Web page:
Updated: Oct 11, 2023

By James Li and James Yu Sept. 28, 2023

Amid controversy regarding transgender participation in the realm of athletics, one sport has etched its mark upon these debates: chess. The International Chess Federation (FIDE), which acts as the governing body for international chess tournaments, decided to ban transgender women from competing in the women's chess divisions on August 14—a transphobic and misogynistic decision that reflects poorly upon the professional chess world.

Kavya Desai art

FIDE cited a high number of requests for gender recognition from transgender members as the reason for restricting transgender women from competing until the federation can further analyze the situation, which NPR reports could take up to two years. This arbitrary number is inconceivable—their haphazard excuse combined with a lack of clear reasoning undermines FIDE’s credibility.

“Chess has always been a fun way to exercise my brain, so it is a shame that FIDE seeks to exclude women from participating. Chess belongs to all of us, what gives FIDE the right to exclude anyone?” Senior Hillary Chen said.

Many in the chess community have rebuked the decision, with the German Chess Federation releasing a statement which said that “If a person is legally recognized as a woman, it is incomprehensible to us what FIDE still wants to check and why it needs two years for this.” FIDE’s ban ignores the voices of the chess community and halts the advancements chess has made in women’s spaces in recent years.

The guidelines are insulting not just to transgender women, but to all women. FIDE’s assumption that transgender women possess an intrinsic advantage insinuates that cisgender women are inherently less capable at chess and are thus less intelligent.

Misogynistic ideas like this have long dominated the world of competitive chess. Chess is a sport which girls are discouraged from playing as many believe that chess is a man's pastime, resulting in women being underrepresented. For example, in 2021 only 15% of registered members of the United States Chess Federation were women.

The Guardian reports that in 2015, Chess Grandmaster Nigel Short said that “men are hardwired to be better chess players than women,” despite successful women in chess such as Judit Polgar, ranking 8th highest in the world and holding a winning record against Short. Polgar expressed to the Guardian that women are just as capable as men in chess, but societal boundaries often block women from thriving.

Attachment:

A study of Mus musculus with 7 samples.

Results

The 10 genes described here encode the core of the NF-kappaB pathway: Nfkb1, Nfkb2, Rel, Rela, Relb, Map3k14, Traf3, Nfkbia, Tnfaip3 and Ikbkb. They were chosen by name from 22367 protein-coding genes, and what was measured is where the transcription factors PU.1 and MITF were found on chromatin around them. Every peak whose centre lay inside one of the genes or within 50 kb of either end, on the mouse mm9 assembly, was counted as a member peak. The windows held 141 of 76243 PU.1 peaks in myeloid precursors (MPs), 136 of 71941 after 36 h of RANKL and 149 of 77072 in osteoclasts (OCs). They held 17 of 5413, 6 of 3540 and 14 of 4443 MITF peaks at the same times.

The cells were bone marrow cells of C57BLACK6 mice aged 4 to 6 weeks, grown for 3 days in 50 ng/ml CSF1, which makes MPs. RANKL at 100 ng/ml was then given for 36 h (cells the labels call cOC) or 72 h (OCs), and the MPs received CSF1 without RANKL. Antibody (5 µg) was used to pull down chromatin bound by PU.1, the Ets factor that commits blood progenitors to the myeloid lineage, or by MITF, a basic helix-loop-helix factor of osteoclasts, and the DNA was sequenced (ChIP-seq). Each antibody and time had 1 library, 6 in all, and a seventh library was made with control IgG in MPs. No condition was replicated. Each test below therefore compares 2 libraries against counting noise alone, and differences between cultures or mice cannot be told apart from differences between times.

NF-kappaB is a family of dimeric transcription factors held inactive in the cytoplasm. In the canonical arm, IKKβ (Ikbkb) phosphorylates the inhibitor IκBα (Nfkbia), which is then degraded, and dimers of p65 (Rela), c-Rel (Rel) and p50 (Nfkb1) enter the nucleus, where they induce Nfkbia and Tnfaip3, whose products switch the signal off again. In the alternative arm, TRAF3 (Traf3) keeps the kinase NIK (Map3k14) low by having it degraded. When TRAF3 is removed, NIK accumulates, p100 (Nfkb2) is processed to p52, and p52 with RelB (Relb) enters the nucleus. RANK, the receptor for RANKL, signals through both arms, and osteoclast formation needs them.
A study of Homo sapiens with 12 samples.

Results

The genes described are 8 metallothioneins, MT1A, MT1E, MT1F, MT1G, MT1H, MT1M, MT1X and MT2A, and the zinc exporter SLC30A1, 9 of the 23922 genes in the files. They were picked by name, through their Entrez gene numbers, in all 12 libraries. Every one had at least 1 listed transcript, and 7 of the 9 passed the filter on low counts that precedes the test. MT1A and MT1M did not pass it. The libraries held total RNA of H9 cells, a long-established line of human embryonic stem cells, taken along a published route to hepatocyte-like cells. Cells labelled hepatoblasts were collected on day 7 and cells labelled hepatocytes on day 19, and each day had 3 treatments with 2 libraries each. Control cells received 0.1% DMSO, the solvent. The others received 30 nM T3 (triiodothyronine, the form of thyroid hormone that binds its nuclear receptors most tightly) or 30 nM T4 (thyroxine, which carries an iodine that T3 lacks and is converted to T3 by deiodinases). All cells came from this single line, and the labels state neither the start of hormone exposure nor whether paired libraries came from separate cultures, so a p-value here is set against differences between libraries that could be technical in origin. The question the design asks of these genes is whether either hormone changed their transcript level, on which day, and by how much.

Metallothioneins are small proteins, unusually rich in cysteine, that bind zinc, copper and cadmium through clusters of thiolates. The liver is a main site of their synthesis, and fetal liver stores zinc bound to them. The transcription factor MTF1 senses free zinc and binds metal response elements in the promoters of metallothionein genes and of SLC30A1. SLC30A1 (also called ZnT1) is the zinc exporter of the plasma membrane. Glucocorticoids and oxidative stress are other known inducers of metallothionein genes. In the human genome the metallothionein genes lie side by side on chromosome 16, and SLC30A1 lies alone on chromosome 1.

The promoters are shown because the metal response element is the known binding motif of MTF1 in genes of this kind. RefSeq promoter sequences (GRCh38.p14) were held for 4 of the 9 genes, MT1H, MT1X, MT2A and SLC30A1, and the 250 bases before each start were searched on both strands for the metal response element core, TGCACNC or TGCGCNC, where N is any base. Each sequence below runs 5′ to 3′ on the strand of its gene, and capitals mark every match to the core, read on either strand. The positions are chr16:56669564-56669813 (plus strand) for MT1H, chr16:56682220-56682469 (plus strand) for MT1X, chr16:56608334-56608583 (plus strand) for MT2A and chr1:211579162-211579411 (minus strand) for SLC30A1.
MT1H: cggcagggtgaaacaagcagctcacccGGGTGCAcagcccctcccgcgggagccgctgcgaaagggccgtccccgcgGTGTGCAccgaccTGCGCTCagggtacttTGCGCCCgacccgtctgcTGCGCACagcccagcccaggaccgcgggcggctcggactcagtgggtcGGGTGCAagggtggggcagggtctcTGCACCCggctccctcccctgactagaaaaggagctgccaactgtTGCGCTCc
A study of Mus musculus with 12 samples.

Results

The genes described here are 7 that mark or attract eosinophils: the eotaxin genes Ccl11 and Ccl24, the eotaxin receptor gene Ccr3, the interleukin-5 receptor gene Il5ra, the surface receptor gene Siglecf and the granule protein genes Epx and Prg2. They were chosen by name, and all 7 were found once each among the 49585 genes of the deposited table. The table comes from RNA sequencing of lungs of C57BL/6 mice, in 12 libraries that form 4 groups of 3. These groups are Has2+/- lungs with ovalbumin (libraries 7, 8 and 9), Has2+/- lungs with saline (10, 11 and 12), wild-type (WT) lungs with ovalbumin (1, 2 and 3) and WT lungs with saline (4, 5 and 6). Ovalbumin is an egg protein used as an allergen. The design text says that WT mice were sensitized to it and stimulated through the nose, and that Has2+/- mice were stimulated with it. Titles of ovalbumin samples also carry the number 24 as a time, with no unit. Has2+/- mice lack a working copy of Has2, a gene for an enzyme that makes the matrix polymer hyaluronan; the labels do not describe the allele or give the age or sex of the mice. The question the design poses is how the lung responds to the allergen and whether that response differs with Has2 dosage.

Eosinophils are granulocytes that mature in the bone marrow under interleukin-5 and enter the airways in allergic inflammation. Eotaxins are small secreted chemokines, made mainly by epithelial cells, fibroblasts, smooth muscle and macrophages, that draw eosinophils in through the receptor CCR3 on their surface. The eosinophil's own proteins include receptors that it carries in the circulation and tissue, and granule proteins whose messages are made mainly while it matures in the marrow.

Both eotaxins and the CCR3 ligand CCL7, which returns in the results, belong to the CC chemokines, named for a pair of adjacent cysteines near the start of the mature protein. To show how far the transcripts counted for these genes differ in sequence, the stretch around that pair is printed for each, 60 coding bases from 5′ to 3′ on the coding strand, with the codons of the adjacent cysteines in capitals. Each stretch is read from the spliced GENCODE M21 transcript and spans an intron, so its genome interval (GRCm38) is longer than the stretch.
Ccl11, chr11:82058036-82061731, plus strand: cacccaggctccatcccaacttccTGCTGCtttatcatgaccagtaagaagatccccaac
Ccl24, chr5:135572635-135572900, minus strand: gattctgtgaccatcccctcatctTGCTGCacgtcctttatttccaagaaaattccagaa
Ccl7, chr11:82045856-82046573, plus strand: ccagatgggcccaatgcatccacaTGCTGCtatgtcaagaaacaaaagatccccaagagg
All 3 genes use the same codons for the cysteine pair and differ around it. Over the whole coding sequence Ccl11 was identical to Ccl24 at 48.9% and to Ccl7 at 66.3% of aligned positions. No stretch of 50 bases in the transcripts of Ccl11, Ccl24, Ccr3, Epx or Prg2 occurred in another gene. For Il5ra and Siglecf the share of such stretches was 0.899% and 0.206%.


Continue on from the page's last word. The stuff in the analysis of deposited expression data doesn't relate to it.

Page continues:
FIDE further ruled that transgender men with pre-existing titles will have them stripped upon transitioning, but transgender women will still retain their titles. This discrepancy stems from lessened requirements associated with obtaining a women’s title versus an open title. However, this raises question as to why the women’s division has reduced standards in the first place. Propagating these lessened expectations suggests that FIDE views cisgender women as incompetent. Former FIDE president, Garry Kasparov, perpetuated this belief too, saying women were “too emotional” for chess.

“Equality in chess as of now simply does not exist. If FIDE allows transgender women to participate in women’s divisions on the premise that women and men do not have differences in mental capabilities, then what is the point of having a separate women’s division in the first place?” Junior Lin Jang, Secretary of Chess Club, said.

FIDE’s lack of transparency towards any evidence of advantages transgender women have over cisgender women in chess drives discussions about the misogyny that defines competitive chess. The women’s division’s current stigma as a “lesser” division to the open division combined with the skewed logic behind the ban makes it apparent that FIDE needs to make ethical and logical changes.


About the contributors

James Li

staff writer

James Li is a senior at Leland High School and is a Staff Writer for the Charger Account. When not working, he enjoys bowling, running, and playing video games.

James Yu

staff writer

James Yu is a sophomore at Leland High School and a staff writer for The Charger Account. During his free time, he's obsessing over Speech and Debate, an active Boy Scout, and hanging out with friends.

Kavya Desai


Kavya Desai is a senior at Leland High School and is a new artist for The Charger Account. During her free time, she enjoys sleeping, playing video games, and going for long drives.